My last blog was about the “moving siku” and the ice within Pangnirtung Fjord. The ice is now breaking up and it is quite the impressive process. The first part of the ice to break up in the fjord has been the tidal ice in the area along shore. My last blog showed large ice blocks strewn throughout the tidal zone which are very beautiful. The tides form these ice sculptures in the fall and winter and the tides also break them apart in the spring. It happened gradually at first but all at once it seemed all the ice blocks broke loose from the moving of the tides. Small pools of water built within the tidal ice and then one day as the tide came in the harbour all the ice broke apart and was floating around. Once the chunks are broken apart they then drift about with the tides and wind. I could not believe how big some these chunks of ice were and it was pretty impressive to see these huge blocks of ice moving so much. When the tides would go out huge chucks of ice would be strewn everywhere throughout the tidal zone. When the tide would come back in all of the ice blocks would shift about with the currents and winds. The ice was moving around so much it almost seemed as if it were alive.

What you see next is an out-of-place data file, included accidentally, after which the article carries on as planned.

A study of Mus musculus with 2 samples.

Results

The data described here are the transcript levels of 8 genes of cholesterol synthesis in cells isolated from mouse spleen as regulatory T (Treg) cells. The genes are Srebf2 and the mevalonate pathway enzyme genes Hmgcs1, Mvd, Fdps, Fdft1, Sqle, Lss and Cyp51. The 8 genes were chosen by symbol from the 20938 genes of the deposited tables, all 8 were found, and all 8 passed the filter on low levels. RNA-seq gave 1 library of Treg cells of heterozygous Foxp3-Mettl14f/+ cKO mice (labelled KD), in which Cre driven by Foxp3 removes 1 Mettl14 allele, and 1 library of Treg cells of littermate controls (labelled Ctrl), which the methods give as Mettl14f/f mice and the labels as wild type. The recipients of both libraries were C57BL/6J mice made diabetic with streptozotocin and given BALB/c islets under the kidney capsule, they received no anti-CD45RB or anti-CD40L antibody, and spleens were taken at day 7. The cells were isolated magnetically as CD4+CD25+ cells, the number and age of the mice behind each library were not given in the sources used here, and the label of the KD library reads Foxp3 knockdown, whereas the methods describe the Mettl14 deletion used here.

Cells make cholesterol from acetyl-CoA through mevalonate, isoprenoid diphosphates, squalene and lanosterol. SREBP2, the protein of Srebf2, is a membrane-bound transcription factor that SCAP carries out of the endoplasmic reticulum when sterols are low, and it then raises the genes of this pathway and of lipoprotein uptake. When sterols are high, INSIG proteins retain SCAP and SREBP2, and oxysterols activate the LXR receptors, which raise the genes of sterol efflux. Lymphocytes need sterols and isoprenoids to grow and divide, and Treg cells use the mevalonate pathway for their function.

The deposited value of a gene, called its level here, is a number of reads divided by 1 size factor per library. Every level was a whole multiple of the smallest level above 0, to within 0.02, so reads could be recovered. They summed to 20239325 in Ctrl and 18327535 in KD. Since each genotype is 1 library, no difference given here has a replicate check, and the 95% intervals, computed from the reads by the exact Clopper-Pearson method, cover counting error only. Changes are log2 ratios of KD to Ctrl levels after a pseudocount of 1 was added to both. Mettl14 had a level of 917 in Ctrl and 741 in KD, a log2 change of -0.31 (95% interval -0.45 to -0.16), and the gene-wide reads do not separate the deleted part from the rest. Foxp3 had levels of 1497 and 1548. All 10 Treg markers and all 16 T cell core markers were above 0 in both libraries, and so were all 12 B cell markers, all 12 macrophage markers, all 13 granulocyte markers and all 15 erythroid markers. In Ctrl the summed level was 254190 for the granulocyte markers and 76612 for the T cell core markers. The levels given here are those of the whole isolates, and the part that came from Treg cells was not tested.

When the tidal ice first broke the ice in the middle of the fjord was still solid and people would hop from floating ice block to floating ice block to get out to the flat ice to go seal hunting. I attempted to get out to the flat sea ice with a friend to get to his snowmobile which was parked out there. Needless to say it was a short trip as I got 30 feet from shore and dunked most of my leg haha. The ease with which he skipped from ice block to ice block was really quite impressive and I decided to watch him go the rest of the way out to the deeper water rather than risk taking a chilly dip in the ocean surrounded by huge ice blocks haha.

The combination of ice and open water makes fog a very common occurrence this time year in Pang. It could be a beautiful clear day and fog can roll in quite quickly and last for hours and even days. It has been quite foggy in the past weeks and it has made flying in and out Pang quite hard. I have talked to many people recently who have either been delayed getting in or flying out for up to a week at a time. Seeing the planes come in and out is pretty cool as the airport is right in town and I am going to try and get some more pictures of planes landing and taking off over the summer.

Another big factor in the break-up of the ice are the winds. Pangnirtung is known for high winds and apparently they often occur in the spring time. Surprisingly the winds come from within the fjord and come off of the mountains. From what I have been told the fjord acts like a funnel and as the winds decent from the mountains they pick up speed. The combination of the winds and tides can quickly change the sea ice in a matter of hours and it is very impressive to see. The ice is still changing every day and it will be interesting to see how to shifts and moves until it is all gone in midsummer.